I was invited by my friend Ismael Ghalimi to host a panel during Office 2.0 about my favorite topic, SaaS. The session is about going 100% SaaS and what it means. My panelists are Dan Druker from Intacct, Doug Harr from Ingres, Rob Hull from Adaptive Planning and Rene Lacerte from Bill.com. What’s great about this team is that they are all senior executives that pioneered SaaS either with their current company or in previous lives: Dan was part of Postini (later sold to Google), Rene co-founded PayCycle, one of the best kept SaaS success secrets in the valley, Rob co-founded Adaptive Planning in 2003, when no one believed SaaS will ever happen and Doug spent 5 years with Portal Software, that was acquired by Oracle. We would not be lacking perspective here…
In the next couple of weeks I will share my thoughts about the 100% SaaS goal as I progress in preparing for it. For now I wanted to go back to the title, and explain the interesting story behind Office 2.0 and its connection to the Burning Man festival. Every year toward the end of the summer, a city is built in the Nevada desert. The city is built by a small number of people and then for a week host some 30,000 visitors from all over the world that come to celebrate freedom, community and art. By the end of that week the city will vanish with no trails. The Valley was always a great feeder for the event (Google founders placed an “out of office” doodle on Google homepage when they left for Burning Man in 1998). Burning Man organizers only put the infrastructure in place and the visitors bring the rest (decorations, art, food, elements for trading and everything else needed to make Burning Man what it is.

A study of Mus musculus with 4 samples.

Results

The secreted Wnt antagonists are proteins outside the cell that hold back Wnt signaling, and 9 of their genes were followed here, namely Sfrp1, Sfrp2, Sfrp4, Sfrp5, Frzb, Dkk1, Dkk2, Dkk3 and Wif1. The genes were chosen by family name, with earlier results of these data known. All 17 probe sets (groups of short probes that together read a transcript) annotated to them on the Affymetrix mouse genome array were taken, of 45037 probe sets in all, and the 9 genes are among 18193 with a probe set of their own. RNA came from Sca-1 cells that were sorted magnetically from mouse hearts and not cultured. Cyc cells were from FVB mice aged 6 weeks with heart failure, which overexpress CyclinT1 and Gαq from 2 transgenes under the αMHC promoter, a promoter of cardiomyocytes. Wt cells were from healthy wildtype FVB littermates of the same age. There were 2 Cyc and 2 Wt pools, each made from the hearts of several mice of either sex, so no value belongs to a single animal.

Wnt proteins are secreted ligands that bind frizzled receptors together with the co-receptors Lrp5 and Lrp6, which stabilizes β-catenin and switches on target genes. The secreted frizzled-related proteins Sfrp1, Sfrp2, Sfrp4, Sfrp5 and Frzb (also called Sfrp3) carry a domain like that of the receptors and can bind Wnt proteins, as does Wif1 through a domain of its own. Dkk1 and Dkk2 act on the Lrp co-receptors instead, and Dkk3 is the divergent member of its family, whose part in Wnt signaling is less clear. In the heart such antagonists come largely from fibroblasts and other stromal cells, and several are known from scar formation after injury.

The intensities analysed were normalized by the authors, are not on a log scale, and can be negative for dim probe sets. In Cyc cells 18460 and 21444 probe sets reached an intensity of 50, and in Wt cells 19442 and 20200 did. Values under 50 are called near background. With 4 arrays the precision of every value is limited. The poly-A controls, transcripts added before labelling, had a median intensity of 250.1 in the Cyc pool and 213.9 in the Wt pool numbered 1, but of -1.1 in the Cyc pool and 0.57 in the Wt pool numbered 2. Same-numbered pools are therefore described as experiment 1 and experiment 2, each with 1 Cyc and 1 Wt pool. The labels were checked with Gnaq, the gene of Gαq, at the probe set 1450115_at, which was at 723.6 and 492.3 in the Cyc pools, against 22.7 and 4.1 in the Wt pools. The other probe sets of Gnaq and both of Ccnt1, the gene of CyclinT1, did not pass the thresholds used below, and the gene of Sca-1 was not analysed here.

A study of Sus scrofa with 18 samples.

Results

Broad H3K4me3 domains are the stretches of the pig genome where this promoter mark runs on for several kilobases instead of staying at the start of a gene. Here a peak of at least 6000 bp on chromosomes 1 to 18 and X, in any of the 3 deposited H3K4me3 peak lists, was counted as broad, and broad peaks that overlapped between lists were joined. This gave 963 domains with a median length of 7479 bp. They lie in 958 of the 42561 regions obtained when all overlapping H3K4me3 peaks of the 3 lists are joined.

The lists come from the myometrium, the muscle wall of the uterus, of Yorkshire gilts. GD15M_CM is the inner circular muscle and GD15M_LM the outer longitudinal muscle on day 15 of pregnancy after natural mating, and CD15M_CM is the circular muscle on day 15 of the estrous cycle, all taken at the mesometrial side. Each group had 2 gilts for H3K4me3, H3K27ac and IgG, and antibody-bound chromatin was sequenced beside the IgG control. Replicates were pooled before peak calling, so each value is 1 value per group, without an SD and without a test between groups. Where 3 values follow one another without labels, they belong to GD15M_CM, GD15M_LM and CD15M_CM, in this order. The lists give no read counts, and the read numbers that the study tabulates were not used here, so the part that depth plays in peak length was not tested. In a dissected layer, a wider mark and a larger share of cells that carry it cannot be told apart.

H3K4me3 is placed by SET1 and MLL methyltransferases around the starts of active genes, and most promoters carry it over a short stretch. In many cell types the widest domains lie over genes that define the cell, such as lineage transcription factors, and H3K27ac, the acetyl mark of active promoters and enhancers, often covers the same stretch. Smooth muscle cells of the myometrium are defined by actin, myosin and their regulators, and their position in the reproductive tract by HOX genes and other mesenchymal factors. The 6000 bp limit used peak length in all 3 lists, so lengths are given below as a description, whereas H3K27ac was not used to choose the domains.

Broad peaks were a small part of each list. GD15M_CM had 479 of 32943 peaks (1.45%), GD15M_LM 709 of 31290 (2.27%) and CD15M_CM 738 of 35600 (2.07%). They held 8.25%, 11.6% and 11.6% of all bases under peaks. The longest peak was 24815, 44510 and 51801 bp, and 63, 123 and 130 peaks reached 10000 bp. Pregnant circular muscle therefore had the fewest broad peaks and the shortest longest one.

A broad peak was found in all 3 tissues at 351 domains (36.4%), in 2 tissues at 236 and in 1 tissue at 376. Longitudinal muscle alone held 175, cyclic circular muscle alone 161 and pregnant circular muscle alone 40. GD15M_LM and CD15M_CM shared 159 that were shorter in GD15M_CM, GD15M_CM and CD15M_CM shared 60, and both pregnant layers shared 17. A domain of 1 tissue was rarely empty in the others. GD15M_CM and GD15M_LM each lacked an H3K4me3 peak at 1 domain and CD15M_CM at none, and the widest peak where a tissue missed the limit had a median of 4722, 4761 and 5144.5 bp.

Office 2.0 is about the same: Ismael and a small team of friends help to put it all together as a community event that is heavily relaying on technology to automate mundane tasks, and people to generate content that other people will enjoy to listen to and learn from. The whole project starts and ends in 2 months or so and leave only electronic trails… Ismael is only the facilitator, and we, speakers, sponsors and audience are on our own, trying to make it a great event.
These two events even happen at the same time: Burning Man ends couple of days before Office 2.0 starts and they are both great examples for events that empower the community to create value with minimal facilitation. Isn’t it so much more fun to participate in those kind of events rather than going to yet another PR driven, marketing funded event?